As industry supply chains become more global and more complex, it behooves stakeholders to seek out ways to work with greater efficiency, reduce errors, increase equipment lifetime, and simply do more with fewer resources. Thus, a revolution is happening in many industries — including materials handling — as they align supply chain management and material handling practices with Industrial Internet of Things (IoT) solutions.
In Industrial IoT applications (sometimes referred to as IIoT applications), physical objects have been made “smart” with the addition of sensors and other technologies. These sensors can collect data, which is then transmitted, wirelessly, and automatically, to cloud-based computer networks. Data can then be analyzed by software to help human operators make more informed decisions about those objects. Increasingly, it’s the objects themselves that are making the decisions.
These technologies are quickly pervading many aspects of our daily lives: Most Americans already interact regularly with smart technologies when they work, shop, travel, or relax at home.
The IIoT can transform traditional, linear manufacturing supply chains into dynamic, interconnected systems — a digital supply network (DSN) — that can more readily incorporate ecosystem partners. As key enablers of DSNs, IIoT technologies help to change the way that products are made and delivered, making factories more efficient, ensuring better safety for human operators, and, in some cases, saving millions of dollars.
Specifically, the Industrial IoT offers a range of advantages in material handling.
If a machine fails, sensors can pinpoint the problem and make a service request. Better yet, data from sensors on materials handling machinery — which detect things such as vibrations, sound, and temperature — can drive predictive analytics that can help operators understand the maintenance needs to schedule service more effectively in advance.
The Wired article explains how one company used predictive maintenance to improve its production equipment uptime. The outcome? It avoided a $25 million expense to build another line to keep up with demand.
Autonomous Mobile Robots (AMR) in manufacturer stockrooms, warehouses, and distribution centers can collaborate with human workers to make workflows more efficient. One manufacturer’s AMR, for example, guides workers through a series of material picks in a way that minimizes travel and makes optimal use of the robot’s carrying capacity. The AMR then takes the material to a station for pack out. Over time, the cloud software to which the AMR is connected may recommend ways to reorganize product inventory for further efficiency gains.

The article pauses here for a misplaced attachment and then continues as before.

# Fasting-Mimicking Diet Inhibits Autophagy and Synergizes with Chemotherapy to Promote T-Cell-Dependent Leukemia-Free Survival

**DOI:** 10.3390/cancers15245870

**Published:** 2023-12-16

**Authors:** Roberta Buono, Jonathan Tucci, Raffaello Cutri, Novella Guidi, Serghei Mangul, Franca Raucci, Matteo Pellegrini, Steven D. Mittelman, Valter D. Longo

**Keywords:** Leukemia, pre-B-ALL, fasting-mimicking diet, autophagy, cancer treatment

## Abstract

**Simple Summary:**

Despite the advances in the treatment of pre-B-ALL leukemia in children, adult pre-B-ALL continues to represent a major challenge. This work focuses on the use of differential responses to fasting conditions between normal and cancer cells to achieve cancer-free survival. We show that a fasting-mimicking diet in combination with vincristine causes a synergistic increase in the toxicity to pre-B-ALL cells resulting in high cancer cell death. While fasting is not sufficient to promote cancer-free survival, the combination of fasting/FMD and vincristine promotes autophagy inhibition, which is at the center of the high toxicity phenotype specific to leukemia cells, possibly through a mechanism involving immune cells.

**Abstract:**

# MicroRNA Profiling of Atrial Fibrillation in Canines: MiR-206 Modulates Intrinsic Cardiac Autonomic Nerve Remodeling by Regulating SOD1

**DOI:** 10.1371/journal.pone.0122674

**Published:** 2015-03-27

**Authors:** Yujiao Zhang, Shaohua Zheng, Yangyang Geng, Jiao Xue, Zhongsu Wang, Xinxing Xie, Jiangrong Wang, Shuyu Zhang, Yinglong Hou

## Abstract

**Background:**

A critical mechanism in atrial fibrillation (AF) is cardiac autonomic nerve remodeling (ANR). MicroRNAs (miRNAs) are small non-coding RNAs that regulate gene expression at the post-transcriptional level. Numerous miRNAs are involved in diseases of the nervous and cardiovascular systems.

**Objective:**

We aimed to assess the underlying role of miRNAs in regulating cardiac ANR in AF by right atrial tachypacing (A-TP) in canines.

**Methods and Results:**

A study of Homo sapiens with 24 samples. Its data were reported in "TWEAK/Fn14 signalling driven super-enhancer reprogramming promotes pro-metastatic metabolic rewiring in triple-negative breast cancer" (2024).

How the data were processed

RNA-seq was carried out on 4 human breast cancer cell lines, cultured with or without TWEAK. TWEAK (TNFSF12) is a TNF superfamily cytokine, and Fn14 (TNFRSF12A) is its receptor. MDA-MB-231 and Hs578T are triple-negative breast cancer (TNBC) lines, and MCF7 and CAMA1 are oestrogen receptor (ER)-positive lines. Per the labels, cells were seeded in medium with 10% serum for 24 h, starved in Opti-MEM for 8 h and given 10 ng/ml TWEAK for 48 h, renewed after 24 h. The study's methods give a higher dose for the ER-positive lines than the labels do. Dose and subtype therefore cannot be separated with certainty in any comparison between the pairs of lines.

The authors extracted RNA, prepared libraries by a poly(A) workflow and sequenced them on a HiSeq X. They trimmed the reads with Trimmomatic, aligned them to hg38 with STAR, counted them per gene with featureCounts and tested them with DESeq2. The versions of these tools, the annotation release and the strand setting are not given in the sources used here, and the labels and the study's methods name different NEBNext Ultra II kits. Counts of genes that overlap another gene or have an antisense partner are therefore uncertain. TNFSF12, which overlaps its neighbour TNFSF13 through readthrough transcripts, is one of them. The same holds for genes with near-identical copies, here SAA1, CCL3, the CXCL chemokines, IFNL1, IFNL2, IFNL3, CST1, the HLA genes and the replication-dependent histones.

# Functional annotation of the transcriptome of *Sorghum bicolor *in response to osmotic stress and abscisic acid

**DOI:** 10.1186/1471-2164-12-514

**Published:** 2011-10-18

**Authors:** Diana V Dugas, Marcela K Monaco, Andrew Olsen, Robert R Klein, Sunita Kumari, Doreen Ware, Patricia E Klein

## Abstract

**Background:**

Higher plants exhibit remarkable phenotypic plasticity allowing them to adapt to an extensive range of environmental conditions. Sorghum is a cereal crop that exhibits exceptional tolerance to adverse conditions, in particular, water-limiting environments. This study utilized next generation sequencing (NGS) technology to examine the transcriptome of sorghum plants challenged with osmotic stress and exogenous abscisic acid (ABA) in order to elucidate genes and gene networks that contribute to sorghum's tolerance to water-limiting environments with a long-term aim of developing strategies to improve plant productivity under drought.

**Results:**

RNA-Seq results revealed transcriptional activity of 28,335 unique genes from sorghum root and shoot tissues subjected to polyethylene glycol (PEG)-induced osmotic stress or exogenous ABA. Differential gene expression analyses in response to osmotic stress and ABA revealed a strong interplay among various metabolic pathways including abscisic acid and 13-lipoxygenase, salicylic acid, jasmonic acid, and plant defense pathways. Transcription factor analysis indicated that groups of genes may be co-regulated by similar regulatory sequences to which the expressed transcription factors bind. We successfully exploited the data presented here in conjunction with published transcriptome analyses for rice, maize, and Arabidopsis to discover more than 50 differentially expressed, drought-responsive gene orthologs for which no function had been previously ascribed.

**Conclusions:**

One forklift OEM offers telematics data that gives operators insights into how the vehicles are being used — how much are they driven, where they are driven, how much time they spend loading or unloading docked trucks, how often are they driven loaded or unloaded, etc. With this data in hand, operators and managers can make more informed decisions about fleet deployment and size.
IoT-enabled, self-driving forklifts, and pallet jacks can handle tasks that might be difficult or dangerous for humans. Predictive maintenance (see above) can help avoid breakdowns that often lead to worker injury.
Sensors placed on pallets, in a product container, or on products themselves can track factors such as temperature, impact, and vibration. Any of this information may be critical, depending on the product. Those sensors can then transmit this information to the cloud to be accessed by stakeholders along the value chain.
Sensors can also be used to track the location and predict arrival times of shipments, to better coordinate and plan last-mile delivery.
Some industry observers believe that the proliferation of Industrial IoT solutions will lead to an increase in the leasing of high-value equipment. Such equipment will be outfitted with sensors and networked. The manufacturer can then monitor remotely, to automatically (and efficiently) deliver maintenance and service. This allows the lessee to focus on its core business, rather than worry about equipment maintenance.
A webinar presented by the Materials Handling Industry of America pointed to the key challenges related to Industrial IoT applications. The primary ones relate to uncontrolled access to and misuse of IoT data—not necessarily for malicious intent, but misuse that can cause damage or injury nevertheless — along with true cyber threats.
These and other challenges reveal what’s referred to in the webinar as a root need for collaboration between IT and operations. The aim should be not only developing better security systems but a long-term management approach that ensures software is updated and maintained regularly.
Industrial IoT solutions hold tremendous promise to transform manufacturing and logistics. A key part of this transformation will be the widespread adoption of “smart” material handling equipment and systems that provide data to help operators create more efficiency, better use resources, improve worker safety, ensure product quality, and improve shipping.